Jason Henderson, author of Street Fight: The Politics of Mobility in San Francisco (released in April - see SFBG review) credits the Metropolitan Transportation Commission (MTC) [and the Association of Bay Area Governments (ABAG)] for drafting and adopting Plan Bay Area, particularly its vision to guide future growth - "2.1 million people, 1 million jobs, and 660,000 housing units [by 2040] largely within the existing built-up areas of the nine-county region."
Newly designated priority development areas (PDAs) will enable modest-density, walkable development in city and suburb alike, while preserving both existing single-family neighborhoods and open space. In a time of urgent need to address global warming, the Bay Area has once again proved a leader by enabling compact housing around transit, and its supporting studies expect the per capita greenhouse gas emissions from driving to decline by 15 percent in 2040.
Notwithstanding the plan's compact development policies, its greatest failure is to get more people out of their cars, according to Henderson.
80 percent of all travel in the Bay Area will still be in cars in 2040, not much different from today, and far short of the real change that is needed in this time of urgency. With 2 million more people, this is a recipe for gridlock, inequity, and ecological disaster – not sound public policy.
As readers here know, you can't talk about improved public transit without bringing up funding. Henderson offers some advise here.
The debate about transit finance needs to be redirected – away from regressive local sales tax measures (which often include more roads) back towards more progressive measures, such as transit assessment districts – which could require developers who profit from Plan Bay Area’s growth incentives to adequately finance transit expansion.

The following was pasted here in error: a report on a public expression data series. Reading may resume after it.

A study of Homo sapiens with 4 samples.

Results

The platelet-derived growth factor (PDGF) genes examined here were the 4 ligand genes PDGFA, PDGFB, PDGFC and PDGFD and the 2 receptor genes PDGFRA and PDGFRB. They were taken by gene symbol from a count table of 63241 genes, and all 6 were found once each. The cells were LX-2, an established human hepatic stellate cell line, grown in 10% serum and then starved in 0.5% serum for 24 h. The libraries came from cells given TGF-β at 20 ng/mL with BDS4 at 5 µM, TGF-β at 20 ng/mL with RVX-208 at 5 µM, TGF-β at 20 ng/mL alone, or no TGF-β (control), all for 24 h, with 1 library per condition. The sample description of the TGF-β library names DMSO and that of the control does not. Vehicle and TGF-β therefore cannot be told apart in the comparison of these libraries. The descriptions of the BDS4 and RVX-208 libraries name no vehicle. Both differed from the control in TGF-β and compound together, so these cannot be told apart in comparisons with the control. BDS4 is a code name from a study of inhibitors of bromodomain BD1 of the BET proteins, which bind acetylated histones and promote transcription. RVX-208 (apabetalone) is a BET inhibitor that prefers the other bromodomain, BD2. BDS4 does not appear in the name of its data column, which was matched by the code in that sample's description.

While Henderson correctly recognizes that the Bay Area has become overly reliant on county sales tax measures (euphemistically called "self-help" measures), he neglects to mention the proposed regional vehicle-miles-traveled fee. He did note MTC's "Express Lane" plan, though, but negatively:
The debate needs to move away from creating new roadway capacity, such as exclusive toll lanes, and focus on how to convert existing highway lanes into transit-only lanes with fast, frequent, reliable regional bus service open to all. [Many of the 550 miles of express lanes proposed to be in operation by 2035 will be converted from existing carpool lanes].
Finally, he gives short-shrift to the media-grabbing crowds that attempted to ambush the plan altogether. "The current version of the plan, weak on transit funding, has been dominated by a loud, irrational mob of Tea Party cranks bent on sabotaging anything that hints of progressive ideas. They were successful in diluting Plan Bay Area." However, most of the MTC commissioners and all of the ABAG executive board members that voted to adopt the plan are elected leaders and accountable to their constituents, even the cranky ones.